France may adopt Genocide bill after end of war in Libya, expert says

France may adopt Genocide bill after end of war in Libya, expert says

PanARMENIAN.Net - French Senate’s failing to adopt a bill criminalizing the denial of Armenian Genocide is linked with current French authorities’ position, according to Armenian Academy of Sciences’ Oriental Studies Institute director.

As Ruben Safrastyan told a PanARMENIAN.Net reporter, at present, France is rather active in Libya military mission, which increases the importance of Turkey’s position on the issue. “Unfortunately this hasn’t been the first time when a superpower breaks its promise to serve its own interests,” the expert said, however, noting that France might change its position upon completion of military operations in Libya.

The expert gave positive assessment to the position on the Armenian community of France, urging them to continue working towards adoption of the bill.

The French Senate on Wednesday, May 4 rejected a bill penalizing the denial of Armenian Genocide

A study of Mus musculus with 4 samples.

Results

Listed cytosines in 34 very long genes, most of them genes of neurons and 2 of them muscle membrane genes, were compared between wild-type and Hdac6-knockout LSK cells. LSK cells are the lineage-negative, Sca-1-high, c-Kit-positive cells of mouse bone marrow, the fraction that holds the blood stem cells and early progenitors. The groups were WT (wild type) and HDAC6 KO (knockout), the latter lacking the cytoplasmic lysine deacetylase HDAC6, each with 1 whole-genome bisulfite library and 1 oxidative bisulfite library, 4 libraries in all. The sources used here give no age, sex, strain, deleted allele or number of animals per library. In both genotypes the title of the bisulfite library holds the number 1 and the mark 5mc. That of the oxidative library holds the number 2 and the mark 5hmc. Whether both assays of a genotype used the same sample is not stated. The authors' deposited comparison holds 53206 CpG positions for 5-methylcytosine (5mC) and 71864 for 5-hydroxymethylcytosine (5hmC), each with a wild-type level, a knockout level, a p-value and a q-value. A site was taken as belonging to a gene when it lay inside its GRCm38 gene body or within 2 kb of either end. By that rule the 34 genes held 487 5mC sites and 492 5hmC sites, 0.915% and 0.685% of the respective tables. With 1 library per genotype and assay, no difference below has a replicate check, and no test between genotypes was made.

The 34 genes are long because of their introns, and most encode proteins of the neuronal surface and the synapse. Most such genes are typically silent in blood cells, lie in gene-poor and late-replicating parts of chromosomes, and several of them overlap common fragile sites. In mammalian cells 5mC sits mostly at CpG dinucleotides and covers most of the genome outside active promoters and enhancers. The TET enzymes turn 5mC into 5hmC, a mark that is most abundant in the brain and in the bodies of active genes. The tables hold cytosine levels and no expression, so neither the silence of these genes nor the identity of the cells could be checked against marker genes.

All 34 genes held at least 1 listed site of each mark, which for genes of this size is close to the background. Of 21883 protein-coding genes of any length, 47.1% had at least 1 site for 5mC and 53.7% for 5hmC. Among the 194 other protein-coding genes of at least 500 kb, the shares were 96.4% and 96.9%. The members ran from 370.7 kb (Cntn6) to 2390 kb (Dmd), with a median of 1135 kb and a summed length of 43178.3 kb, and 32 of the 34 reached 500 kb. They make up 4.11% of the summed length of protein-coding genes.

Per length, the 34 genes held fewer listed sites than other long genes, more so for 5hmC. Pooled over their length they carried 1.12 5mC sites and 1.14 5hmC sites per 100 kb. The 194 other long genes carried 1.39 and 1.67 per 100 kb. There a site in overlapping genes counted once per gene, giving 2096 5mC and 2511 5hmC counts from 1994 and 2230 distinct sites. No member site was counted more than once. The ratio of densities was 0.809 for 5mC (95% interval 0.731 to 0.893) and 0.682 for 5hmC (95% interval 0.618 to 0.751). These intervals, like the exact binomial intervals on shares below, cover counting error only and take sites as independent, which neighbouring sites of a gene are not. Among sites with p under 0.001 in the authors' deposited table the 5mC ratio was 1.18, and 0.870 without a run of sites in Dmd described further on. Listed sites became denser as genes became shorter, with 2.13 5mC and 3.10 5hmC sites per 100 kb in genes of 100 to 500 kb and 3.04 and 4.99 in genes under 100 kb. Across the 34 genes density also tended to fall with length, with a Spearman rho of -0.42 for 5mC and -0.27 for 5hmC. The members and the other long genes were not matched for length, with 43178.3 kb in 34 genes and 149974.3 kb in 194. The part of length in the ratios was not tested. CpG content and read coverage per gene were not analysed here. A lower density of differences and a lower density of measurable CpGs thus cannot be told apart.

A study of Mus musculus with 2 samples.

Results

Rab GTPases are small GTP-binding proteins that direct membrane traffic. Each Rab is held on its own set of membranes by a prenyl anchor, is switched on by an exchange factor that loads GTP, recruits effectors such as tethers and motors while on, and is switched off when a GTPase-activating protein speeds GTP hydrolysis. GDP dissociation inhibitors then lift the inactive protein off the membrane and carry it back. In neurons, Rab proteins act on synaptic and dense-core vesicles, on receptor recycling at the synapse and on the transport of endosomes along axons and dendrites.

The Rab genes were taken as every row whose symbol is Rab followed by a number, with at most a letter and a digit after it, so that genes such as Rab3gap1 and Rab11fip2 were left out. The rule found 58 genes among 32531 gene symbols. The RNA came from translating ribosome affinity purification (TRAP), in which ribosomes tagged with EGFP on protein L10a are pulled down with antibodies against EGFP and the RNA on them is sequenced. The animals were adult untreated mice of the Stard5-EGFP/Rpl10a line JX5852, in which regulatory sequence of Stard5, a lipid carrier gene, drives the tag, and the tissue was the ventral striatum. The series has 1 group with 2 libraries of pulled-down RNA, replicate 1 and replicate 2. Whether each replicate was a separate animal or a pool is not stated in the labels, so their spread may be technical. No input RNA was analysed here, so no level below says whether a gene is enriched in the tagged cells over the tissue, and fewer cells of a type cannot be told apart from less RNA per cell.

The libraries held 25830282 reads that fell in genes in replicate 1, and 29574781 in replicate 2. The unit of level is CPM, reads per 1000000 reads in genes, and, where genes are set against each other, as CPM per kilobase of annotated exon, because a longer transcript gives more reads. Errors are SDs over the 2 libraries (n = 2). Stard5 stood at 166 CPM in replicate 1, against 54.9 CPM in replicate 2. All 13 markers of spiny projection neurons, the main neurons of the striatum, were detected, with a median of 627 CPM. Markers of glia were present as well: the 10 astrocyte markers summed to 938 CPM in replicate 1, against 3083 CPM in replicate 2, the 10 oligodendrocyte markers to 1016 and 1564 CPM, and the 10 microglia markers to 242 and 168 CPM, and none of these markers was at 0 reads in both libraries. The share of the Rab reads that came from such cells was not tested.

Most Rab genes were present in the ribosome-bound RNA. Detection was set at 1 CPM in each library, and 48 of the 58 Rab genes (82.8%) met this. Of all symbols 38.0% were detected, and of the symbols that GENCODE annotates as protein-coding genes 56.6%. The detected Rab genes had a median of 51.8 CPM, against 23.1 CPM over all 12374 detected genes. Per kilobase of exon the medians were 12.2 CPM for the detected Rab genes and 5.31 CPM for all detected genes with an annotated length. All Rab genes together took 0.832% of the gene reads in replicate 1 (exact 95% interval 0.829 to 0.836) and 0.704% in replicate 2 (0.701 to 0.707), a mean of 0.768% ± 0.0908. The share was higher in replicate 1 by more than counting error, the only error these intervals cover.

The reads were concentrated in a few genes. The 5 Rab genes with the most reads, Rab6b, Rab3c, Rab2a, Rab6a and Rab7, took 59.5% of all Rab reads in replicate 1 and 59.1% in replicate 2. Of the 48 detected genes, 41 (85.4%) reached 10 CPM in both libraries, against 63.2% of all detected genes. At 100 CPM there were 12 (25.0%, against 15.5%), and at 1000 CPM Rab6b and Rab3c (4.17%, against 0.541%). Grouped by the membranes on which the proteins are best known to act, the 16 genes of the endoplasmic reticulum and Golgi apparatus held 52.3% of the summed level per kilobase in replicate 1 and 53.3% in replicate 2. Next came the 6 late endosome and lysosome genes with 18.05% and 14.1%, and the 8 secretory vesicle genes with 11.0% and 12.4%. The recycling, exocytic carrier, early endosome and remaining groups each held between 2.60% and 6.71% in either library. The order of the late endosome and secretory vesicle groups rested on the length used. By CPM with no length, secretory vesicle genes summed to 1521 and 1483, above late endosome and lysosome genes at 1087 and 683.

The Armenian Genocide

The Armenian Genocide (1915-23) was the deliberate and systematic destruction of the Armenian population of the Ottoman Empire during and just after World War I. It was characterized by massacres and deportations, involving forced marches under conditions designed to lead to the death of the deportees, with the total number of deaths reaching 1.5 million.

The majority of Armenian Diaspora communities were formed by the Genocide survivors.

Present-day Turkey denies the fact of the Armenian Genocide, justifying the atrocities as “deportation to secure Armenians”. Only a few Turkish intellectuals, including Nobel Prize winner Orhan Pamuk and scholar Taner Akcam, speak openly about the necessity to recognize this crime against humanity.

The Armenian Genocide was recognized by Uruguay, Russia, France, Lithuania, Italy, 45 U.S. states, Greece, Cyprus, Lebanon, Argentina, Belgium, Austria, Wales, Switzerland, Canada, Poland, Venezuela, Chile, Bolivia, the Vatican, Luxembourg, Brazil, Germany, the Netherlands, Paraguay, Sweden, Venezuela, Slovakia, Syria, Vatican, as well as the European Parliament and the World Council of Churches.